Kansas basketball teams under Bill Self have improved significantly in practices during the semester break, and this season is no exception.
KU’s current team has a realistic chance to be the best of the Self era.
There was little to find fault with as the Jayhawks mauled, 86-60, a Kansas State team that had won 10 games in a row.
KU has shown progress in almost every facet of the game. As a team, ball handling is probably the biggest step forward — KU had no turnovers in the first half against a talented K-State defense.
Freshman center Joel Embiid continues to amaze with his development.
Embiid hit two outside shots against K-State and his ball handling, defense and footwork are moving to a higher level.
Embiid, however, has a problem.
KU’s center has a little mean streak. That’s a good thing if it’s harnessed, but he was correctly ejected late in the K-State game for throwing an elbow to a Wildcat’s head.
Embiid is a pleasant, easy going young man off the court, but he’s becoming a fierce competitor during games. That’s positive, but it must be controlled aggressiveness.
Rival teams are now aware of Embiid’s proclivity to lose his temper and start mixing it up with opposing players. They are going to start baiting him.
Embiid needs to continue to play aggressively, but he has to stop letting it get personal, or he’ll have the officials watching every move he makes.
If Embiid were a young hot dog with a huge ego, this would be a major problem, but that’s not the case. He’s a pleasant young man who is just finding his way.
Embiid can nip this in the bud if he listens to Self and learns to control his emotions during games.
After the game, Self said, “Regardless of what took place prior, if there was anything, you have to be tough enough to think, ‘next play,’ regardless of the situation. It’s frustrating to me that it would happen, even if it was a situation where it was retaliatory, and I have no idea if it was.”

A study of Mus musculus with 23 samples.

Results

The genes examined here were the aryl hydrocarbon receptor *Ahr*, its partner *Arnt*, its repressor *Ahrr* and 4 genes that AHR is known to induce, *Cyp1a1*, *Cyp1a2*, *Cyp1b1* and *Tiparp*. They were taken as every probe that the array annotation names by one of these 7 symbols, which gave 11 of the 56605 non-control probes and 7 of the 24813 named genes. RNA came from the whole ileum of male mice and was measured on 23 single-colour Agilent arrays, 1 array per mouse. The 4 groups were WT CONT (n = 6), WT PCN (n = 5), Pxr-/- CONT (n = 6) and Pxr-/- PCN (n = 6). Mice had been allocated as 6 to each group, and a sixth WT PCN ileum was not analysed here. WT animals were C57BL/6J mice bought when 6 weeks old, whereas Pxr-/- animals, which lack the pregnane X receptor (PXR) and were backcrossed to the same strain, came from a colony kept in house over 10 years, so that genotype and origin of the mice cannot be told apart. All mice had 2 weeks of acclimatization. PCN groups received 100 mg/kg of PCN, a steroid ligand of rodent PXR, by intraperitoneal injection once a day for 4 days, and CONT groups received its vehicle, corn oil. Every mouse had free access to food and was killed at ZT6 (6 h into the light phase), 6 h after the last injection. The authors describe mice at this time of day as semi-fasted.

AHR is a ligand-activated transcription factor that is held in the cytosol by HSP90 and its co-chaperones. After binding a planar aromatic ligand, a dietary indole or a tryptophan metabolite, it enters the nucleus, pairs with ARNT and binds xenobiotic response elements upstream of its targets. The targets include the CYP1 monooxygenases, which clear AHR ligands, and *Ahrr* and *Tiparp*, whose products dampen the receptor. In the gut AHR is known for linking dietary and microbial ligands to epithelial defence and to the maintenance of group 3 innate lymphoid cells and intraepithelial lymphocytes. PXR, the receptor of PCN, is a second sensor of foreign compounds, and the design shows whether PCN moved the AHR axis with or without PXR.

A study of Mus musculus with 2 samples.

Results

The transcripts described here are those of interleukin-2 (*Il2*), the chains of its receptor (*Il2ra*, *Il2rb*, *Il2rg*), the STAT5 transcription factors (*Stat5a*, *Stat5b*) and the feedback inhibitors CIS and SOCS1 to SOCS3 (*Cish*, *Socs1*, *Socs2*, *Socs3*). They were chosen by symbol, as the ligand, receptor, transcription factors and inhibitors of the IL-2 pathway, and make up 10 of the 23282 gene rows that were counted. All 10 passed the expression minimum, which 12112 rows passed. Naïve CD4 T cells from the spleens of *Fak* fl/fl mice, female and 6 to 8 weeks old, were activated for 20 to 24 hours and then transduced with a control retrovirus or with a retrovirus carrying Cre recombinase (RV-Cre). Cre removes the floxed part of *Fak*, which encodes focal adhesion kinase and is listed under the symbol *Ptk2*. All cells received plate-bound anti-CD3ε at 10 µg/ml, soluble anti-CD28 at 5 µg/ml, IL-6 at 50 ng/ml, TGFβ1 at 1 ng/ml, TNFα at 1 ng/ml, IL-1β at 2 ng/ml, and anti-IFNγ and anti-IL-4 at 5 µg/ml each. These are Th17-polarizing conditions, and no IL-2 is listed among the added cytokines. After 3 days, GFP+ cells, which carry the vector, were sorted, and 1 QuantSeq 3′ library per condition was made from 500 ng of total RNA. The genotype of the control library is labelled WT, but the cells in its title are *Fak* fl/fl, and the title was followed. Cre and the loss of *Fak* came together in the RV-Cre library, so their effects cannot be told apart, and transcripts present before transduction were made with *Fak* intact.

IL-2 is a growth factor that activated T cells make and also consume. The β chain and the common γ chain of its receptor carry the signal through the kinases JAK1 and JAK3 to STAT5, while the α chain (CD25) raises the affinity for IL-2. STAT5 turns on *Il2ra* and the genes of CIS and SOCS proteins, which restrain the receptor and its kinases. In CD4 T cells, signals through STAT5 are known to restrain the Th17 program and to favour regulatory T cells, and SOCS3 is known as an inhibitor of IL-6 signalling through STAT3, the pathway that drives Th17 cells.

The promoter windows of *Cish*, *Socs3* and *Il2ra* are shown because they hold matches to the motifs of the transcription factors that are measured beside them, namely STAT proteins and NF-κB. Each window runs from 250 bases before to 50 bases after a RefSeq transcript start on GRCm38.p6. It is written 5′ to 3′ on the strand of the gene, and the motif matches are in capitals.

Shooting guard Wayne Selden has made the most vivid improvement during the break. He had 24 points against Oklahoma and 20 in the K-State game. His confidence is growing and Selden’s outside shooting has been stellar.
Perry Ellis is also coming on, just like the rest of the team. Ellis has been solid in most of KU’s games and his overall game keeps getting better.
Andrew Wiggins is settling in, too. His 3-point shooting is becoming more consistent, and when Wiggins takes his time and gets set, he’s an excellent outside shooter. His drives to the basket, rebounding, free throw percentage and defense continue to improve.
Freshman guard Conner Frankamp, from Wichita, is going to push for more playing time. Frankamp’s ball handling is unspectacular but steady, and he’s hit his outside shots in the last two games.
Frankamp is going to be one of the finest 3-point shooters Self has had at KU, and he might become the best.
Self’s bench has also moved forward. Center Tarik Black and power forward Jamari Traylor have given KU valuable minutes coming off the bench. And, Andrew White and Brannen Green could still develop into important rotation players.
Kansas has a chance to take an early stranglehold on first place. After the Cyclones, KU plays Oklahoma State on Saturday and Baylor on Monday in Allen Fieldhouse.
Following KU’s win in Ames, the Jayhawks are in a position to take down OK State and Baylor and move to 5-0 in the Big 12. If that happens, KU will be hard to catch.
After coming back from an 18-point halftime deficit, Wichita State’s basketball team defeated Missouri State, 72-69, on Saturday. The 17-0 Shockers are one of only five teams that remain undefeated, and they could go through the regular season without a loss.
Coach Gregg Marshall has the two ingredients a successful, big-time coach needs: He is an excellent recruiter and a skilled coach on the floor. Wichita State is gaining invaluable national publicity with its winning ways.
Kansas State’s basketball coach, Bruce Weber, has been unjustifiably criticized for his recruiting.
Some of the critics have based their negativity on Weber’s recruiting history at Illinois, which wasn’t successful. But, his freshman class at KSU is outstanding. He needs two or three inside players, but his first class is a success.
K-State will be competitive in Big 12 play and Weber looks to be an excellent fit for the Wildcats.